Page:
While walking through my Bible reading plan, there are some passages that stand out to me more than others. The other morning I found myself staring into the pages of Psalm 106 only to see myself staring back. My story, and I would wager that it’s yours as well, is reflected so beautifully in this Psalm. A song written about the goodness of God amidst the sinfulness of His people.
Psalm 106 is a history lesson for the people of Israel and a powerful reminder of the tension that exists between the goodness of God and the pain and suffering that we experience as a result of our own sin and failure. Throughout history, this tension has been evident in the lives of God’s people, and even today we feel the effects of it’s burdensome presence.
Consider the life of King David as an example.
David was a man after God’s own heart, and he experienced many of the blessings that come from walking in obedience to God. He was anointed as king, he defeated his enemies, and he led Israel in worship and praise. Yet, even in the midst of his successes, David also experienced the pain and consequences of his sin. After all, it was David who caused the death of 70,000 men because of his pride (1 Chron 21). This same David also sinned with Bathsheba and then killed her husband in an attempt to hide what he had done (2 Sam 11).
Yet, David did not cease to be loved by God. Take a moment and let that sink in. David did not forever lose his relationship with the Almighty, even after commiting incredibly sinful acts. The goodness of God still remained.
God’s goodness leads Him to listen to the broken
After his sin with Bathsheba, David cries out to God in repentance, acknowledging his sin and seeking forgiveness. He writes, “Have mercy on me, O God, according to your steadfast love; according to your abundant mercy blot out my transgressions. Wash me thoroughly from my iniquity, and cleanse me from my sin!” (Psalm 51:1-2, ESV). Yes, David’s sin was real, it was devastating, and it led to some long-term trauma in his family. Yet, even when faced with the resulting pain of his sinful action he knew that God’s goodness was still available and so he turns to God in humility and repentance – and God hears him.
This brings us back to Psalm 106. The psalmist begins by recounting the mighty works of God for the people of Israel. He speaks of the miracles that God performed on their behalf, the ways in which He rescued them from their enemies, and the provisions that He made for them in the wilderness. It is a powerful reminder of the goodness of God, of His love for His people, and of His willingness to go to great lengths to protect and provide for them.
Like David, they had experienced the blessings of God and his mighty deliverance. But then the psalmist takes a turn.
He acknowledges the sin and rebellion of the people of Israel. He speaks of their idolatry, their disobedience, and their lack of faith. He acknowledges the ways in which they turned away from God and pursued their own desires, even when it meant forsaking the very One who had rescued them.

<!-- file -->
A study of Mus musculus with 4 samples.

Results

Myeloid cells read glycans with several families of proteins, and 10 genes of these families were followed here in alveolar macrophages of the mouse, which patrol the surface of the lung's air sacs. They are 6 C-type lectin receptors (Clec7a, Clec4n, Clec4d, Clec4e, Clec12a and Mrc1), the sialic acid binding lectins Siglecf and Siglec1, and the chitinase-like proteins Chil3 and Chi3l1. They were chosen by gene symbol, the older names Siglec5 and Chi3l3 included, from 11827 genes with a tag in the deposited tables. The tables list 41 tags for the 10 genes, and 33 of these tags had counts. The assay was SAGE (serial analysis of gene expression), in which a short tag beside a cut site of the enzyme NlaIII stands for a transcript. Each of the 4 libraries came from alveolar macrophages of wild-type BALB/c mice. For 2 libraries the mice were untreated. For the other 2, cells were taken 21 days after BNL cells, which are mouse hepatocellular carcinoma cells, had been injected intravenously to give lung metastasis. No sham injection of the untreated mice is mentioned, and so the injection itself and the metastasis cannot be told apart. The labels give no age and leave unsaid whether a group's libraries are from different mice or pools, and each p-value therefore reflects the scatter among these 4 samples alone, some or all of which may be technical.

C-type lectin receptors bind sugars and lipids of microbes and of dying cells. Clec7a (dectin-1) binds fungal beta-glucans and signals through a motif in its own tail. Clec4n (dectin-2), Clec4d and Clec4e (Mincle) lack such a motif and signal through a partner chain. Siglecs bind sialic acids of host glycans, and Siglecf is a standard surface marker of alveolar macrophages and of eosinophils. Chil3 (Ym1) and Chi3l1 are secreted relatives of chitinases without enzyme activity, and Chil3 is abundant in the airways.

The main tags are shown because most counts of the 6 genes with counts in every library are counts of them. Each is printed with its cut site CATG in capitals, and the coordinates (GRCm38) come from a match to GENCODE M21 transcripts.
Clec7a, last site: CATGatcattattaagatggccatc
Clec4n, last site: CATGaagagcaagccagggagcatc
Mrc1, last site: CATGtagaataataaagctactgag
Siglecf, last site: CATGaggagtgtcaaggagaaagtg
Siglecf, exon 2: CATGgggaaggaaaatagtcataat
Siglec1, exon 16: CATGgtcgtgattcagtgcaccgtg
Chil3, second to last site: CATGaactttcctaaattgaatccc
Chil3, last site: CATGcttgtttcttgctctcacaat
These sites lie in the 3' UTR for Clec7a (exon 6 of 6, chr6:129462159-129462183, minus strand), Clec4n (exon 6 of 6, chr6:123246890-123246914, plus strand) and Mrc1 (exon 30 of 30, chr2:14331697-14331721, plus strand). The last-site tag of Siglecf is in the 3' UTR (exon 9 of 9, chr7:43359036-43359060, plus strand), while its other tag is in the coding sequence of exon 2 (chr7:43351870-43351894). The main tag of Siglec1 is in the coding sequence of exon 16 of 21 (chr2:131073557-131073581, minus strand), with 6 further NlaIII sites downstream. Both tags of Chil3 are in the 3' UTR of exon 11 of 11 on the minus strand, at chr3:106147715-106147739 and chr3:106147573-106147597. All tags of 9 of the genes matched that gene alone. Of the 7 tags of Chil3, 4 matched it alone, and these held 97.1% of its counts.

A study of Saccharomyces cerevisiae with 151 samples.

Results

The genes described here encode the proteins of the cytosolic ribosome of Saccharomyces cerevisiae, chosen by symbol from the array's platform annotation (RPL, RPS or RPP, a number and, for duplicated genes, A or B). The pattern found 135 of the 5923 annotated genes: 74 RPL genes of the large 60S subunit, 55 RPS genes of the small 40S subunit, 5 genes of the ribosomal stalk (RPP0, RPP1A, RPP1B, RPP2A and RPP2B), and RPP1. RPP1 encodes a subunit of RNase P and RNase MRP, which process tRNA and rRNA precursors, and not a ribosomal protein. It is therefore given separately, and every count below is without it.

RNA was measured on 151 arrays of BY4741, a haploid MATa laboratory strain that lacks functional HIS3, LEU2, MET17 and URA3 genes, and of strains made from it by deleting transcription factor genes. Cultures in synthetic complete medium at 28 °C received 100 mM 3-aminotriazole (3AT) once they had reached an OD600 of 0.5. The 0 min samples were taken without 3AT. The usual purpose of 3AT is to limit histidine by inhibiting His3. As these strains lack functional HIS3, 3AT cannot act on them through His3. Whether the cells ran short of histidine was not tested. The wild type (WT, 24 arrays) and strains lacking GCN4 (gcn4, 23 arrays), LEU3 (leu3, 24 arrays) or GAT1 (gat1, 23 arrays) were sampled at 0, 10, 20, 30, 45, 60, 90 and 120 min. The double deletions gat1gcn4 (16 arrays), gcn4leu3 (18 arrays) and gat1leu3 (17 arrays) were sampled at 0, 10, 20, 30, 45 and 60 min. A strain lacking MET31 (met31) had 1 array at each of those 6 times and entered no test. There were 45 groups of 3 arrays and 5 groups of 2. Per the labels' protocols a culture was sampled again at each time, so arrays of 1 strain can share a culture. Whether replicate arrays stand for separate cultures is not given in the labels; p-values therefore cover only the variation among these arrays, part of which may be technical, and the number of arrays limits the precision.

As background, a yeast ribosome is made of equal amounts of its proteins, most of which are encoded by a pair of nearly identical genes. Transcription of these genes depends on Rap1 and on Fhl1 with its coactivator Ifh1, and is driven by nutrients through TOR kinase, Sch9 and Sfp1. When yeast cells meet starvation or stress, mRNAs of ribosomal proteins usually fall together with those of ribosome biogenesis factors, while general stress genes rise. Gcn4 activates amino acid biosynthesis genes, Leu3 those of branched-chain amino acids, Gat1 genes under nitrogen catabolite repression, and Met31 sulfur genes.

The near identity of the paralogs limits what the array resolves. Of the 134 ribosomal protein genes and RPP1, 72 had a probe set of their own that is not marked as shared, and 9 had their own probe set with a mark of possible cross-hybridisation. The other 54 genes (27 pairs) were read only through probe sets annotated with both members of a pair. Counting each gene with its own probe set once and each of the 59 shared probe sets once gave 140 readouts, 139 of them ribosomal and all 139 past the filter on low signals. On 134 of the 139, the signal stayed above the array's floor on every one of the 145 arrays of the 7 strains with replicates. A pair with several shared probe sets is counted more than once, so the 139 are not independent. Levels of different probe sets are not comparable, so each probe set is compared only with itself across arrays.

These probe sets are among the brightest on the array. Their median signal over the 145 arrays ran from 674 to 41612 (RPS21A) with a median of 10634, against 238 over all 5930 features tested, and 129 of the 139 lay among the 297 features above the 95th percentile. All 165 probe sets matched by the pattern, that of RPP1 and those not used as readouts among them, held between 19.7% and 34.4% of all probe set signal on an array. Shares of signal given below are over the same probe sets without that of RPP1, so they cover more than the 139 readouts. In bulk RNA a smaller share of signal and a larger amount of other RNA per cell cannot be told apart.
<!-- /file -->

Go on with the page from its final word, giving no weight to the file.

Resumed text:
Again, like David, the end of Psalm 106 finds Israel crying out for salvation once again singing, “Save us, O Lord God.” For the hundredth time, the reality of their sin led them to cry out to God, the One who reigns in mercy and grace. Even after recounting all the ways they had failed, the psalmist knew God’s goodness could be trusted with their sinful past.
Do you feel that tension? I know that I do.
It is this tension between God’s goodness and our own sin that confronts us each and every day as followers of Jesus. We are the ones who have rebelled against God, who have turned away from His love and His provision. We don’t deserve grace – we deserve wrath. And yet, even in the midst of our sin, God remains faithful. He does not abandon us or turn His back on us but continues to pursue us with His love and grace. In fact, if we are in Christ then we do not grieve our sins without hope. We should grieve them for sure, but with an eye toward the Lamb of God who has taken away our sins.
Take that tension to the cross
The tension between God’s goodness and our own sin finds its ultimate resolution in Jesus Christ. He is the one who took the weight of our sin upon Himself, who bore the punishment that we deserved, and who offers us forgiveness and redemption through His death and resurrection. As Paul writes in Romans 5:8, “But God demonstrates his own love for us in this: While we were still sinners, Christ died for us.” If God showed the greatest act of love in full view of our wretchedness, why would things change now that we have been made His children?
Therefore, Romans 5:8 is where this tension can be put to rest. Yes, my sin is a constant reminder of my flesh, but in Christ it is not counted against me. I have been forgiven. I have been set free.
Through Jesus, we can find joy and peace in the midst of our struggles, even if those struggles are self-caused, even if they come by way of a loving Father’s discipline. We can remember that even in our sin and suffering, God is at work, bringing about redemption and restoration.
As we reflect on Psalm 106 and the tension between God’s goodness and our own sin, may we always return to Jesus – our only hope. May we find joy and peace in the truth of the gospel, knowing that we are loved and accepted by God, even as we struggle with our ever present sin.
Pastor of Church Communications
Mike grew up in North Carolina, moving to Lynchburg with his family to attend Liberty’s School of Divinity. He has been involved in Christian media for over 20 years and has a passion for using modern means to proclaim the ultimate truth of the Gospel.